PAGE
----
Colorado just passed House Bill 1170, which made amendments to the Residential Tenants Health and Safety Act (the “Act”). This bill provides more protection to residential tenants under what’s known as the warranty of habitability. At its most basic level, the bill increases tenant protections by mandating every leasing agreement include a warranty that states the rental property will be habitable, i.e., a safe place to live. A landlord breaches the lease contract if he or she fails to comply with the Act.

Before House Bill 1170 was incorporated into the Act, a landlord had a reasonable amount of time after receiving written notice from a tenant to cure the problem that was causing an uninhabitable residence. Now, the Act allows a tenant to provide written or electronic notice to a landlord describing what the tenant believes makes the rental property unfit, and it gives the landlord specific timeframes within which to act upon the tenant’s notice. A landlord now must comply with the following timeframes: (1) 24 hours to respond if the condition is materially dangerous or hazardous to the tenant’s life, health, or safety; or (2) 96 hours to respond if the condition is uninhabitable or otherwise unfit for human habitation.

What Is Changing With The New Act?

The Act also provides a list of what constitutes safety, health, or life-threatening issue. The bill as passed adds two items to that list: the presence of mold and faulty appliances. More specifically, the bill states that a residential premises is uninhabitable if there is mold that is associated with dampness, or there is any other condition causing the residential premises to be damp, which condition, if not remedied, would materially interfere with the health or safety of the tenant, excluding the presence of mold that is minor and found on surfaces that can accumulate moisture as part of their proper functioning and intended use. The bill also states that a residential premises is uninhabitable if it lacks functioning appliances that conformed to applicable law at the time of installation and that are maintained in good working order.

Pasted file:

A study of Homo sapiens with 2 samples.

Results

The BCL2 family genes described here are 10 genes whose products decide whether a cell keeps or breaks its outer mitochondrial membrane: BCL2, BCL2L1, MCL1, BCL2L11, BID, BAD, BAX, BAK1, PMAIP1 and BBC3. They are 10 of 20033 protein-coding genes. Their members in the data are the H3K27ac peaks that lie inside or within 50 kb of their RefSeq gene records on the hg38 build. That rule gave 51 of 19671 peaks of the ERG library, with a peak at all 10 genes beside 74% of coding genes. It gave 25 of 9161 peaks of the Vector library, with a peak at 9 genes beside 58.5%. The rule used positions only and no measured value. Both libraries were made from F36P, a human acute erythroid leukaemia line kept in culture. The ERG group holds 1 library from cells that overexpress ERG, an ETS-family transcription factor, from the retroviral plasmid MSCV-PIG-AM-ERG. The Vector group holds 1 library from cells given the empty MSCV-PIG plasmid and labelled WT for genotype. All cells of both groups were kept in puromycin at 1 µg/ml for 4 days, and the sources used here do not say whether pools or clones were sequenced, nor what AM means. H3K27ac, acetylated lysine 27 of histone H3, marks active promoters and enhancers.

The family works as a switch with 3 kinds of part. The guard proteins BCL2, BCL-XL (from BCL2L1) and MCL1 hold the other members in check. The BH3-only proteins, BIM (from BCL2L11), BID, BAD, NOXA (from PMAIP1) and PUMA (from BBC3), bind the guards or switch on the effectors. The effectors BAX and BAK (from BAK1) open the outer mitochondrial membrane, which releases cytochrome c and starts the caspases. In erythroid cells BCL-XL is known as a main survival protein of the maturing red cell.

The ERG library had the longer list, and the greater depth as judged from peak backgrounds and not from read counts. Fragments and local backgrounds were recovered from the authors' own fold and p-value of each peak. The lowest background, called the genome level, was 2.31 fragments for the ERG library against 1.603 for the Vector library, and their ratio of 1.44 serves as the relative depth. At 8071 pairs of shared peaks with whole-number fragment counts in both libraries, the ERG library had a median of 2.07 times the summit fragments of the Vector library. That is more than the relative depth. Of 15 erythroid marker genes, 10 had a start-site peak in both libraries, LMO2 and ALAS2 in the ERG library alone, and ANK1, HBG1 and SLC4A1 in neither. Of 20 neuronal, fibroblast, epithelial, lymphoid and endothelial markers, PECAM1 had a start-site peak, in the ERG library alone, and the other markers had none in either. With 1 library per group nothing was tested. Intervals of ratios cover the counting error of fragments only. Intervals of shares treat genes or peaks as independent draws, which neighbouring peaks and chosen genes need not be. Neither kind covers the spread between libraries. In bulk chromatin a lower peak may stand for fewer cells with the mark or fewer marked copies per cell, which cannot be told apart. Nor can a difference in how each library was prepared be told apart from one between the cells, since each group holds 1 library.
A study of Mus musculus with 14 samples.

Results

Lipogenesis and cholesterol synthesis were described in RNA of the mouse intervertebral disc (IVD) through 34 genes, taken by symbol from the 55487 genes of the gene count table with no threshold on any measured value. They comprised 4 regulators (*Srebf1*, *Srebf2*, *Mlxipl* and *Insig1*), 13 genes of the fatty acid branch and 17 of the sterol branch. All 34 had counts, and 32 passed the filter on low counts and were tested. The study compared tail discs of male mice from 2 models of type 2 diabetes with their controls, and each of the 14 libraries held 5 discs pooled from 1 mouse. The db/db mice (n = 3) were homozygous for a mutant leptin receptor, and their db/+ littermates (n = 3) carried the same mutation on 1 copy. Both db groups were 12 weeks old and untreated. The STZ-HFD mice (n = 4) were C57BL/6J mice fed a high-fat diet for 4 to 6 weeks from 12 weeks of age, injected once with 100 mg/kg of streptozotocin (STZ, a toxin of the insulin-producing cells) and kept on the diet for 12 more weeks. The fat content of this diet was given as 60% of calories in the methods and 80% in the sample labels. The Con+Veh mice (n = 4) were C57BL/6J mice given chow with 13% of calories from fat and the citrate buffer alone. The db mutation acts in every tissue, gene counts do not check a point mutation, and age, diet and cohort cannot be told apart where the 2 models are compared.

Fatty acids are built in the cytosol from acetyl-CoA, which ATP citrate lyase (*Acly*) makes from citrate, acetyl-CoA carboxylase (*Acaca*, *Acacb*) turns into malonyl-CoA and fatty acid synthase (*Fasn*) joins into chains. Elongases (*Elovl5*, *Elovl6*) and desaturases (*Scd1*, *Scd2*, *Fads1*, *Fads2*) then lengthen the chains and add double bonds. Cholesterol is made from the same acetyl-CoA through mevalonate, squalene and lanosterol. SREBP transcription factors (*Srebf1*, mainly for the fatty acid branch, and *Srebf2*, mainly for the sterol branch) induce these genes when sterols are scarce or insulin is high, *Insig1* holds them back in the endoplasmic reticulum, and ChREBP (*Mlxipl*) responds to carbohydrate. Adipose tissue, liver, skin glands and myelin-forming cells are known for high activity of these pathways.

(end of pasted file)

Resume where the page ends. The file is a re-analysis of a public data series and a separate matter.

The bill also outlines what a landlord must do after receiving notice from a tenant. If requested by a tenant, a landlord must move the tenant to a comparable property that the landlord selects or a hotel room, at no expense or cost to the tenant.

Additionally, House Bill 1170 now generally makes unlawful provisions stating a tenant is assuming certain responsibilities regarding the condition of the rental property. An exception to this amendment is single-family residences, where the landlord does not receive any governmental subsidy, to allow the landlord and tenant to agree in writing to allocate specific repairs, maintenance tasks, or other matters subject to requirements.

Furthermore, the Act now states that if the same condition that substantially caused a breach reappears within 6 months after the condition is repaired or remedied, other than a condition that merely involves a nonfunctioning appliance, the tenant may terminate the rental agreement 14 days after providing the landlord written or electronic notice of the tenant’s intent to do so. However, in a case concerning a condition that merely involves a nonfunctioning appliance, if the landlord remedies the condition within 14 days after receiving the notice, the tenant may not terminate the rental agreement.

Contact Us Today

This article is by no means a comprehensive outline of House Bill 1170. However, if you’re facing one of the issues described above, please contact one of our experienced attorneys at Jorgensen, Brownell & Pepin, P.C. to discuss your options.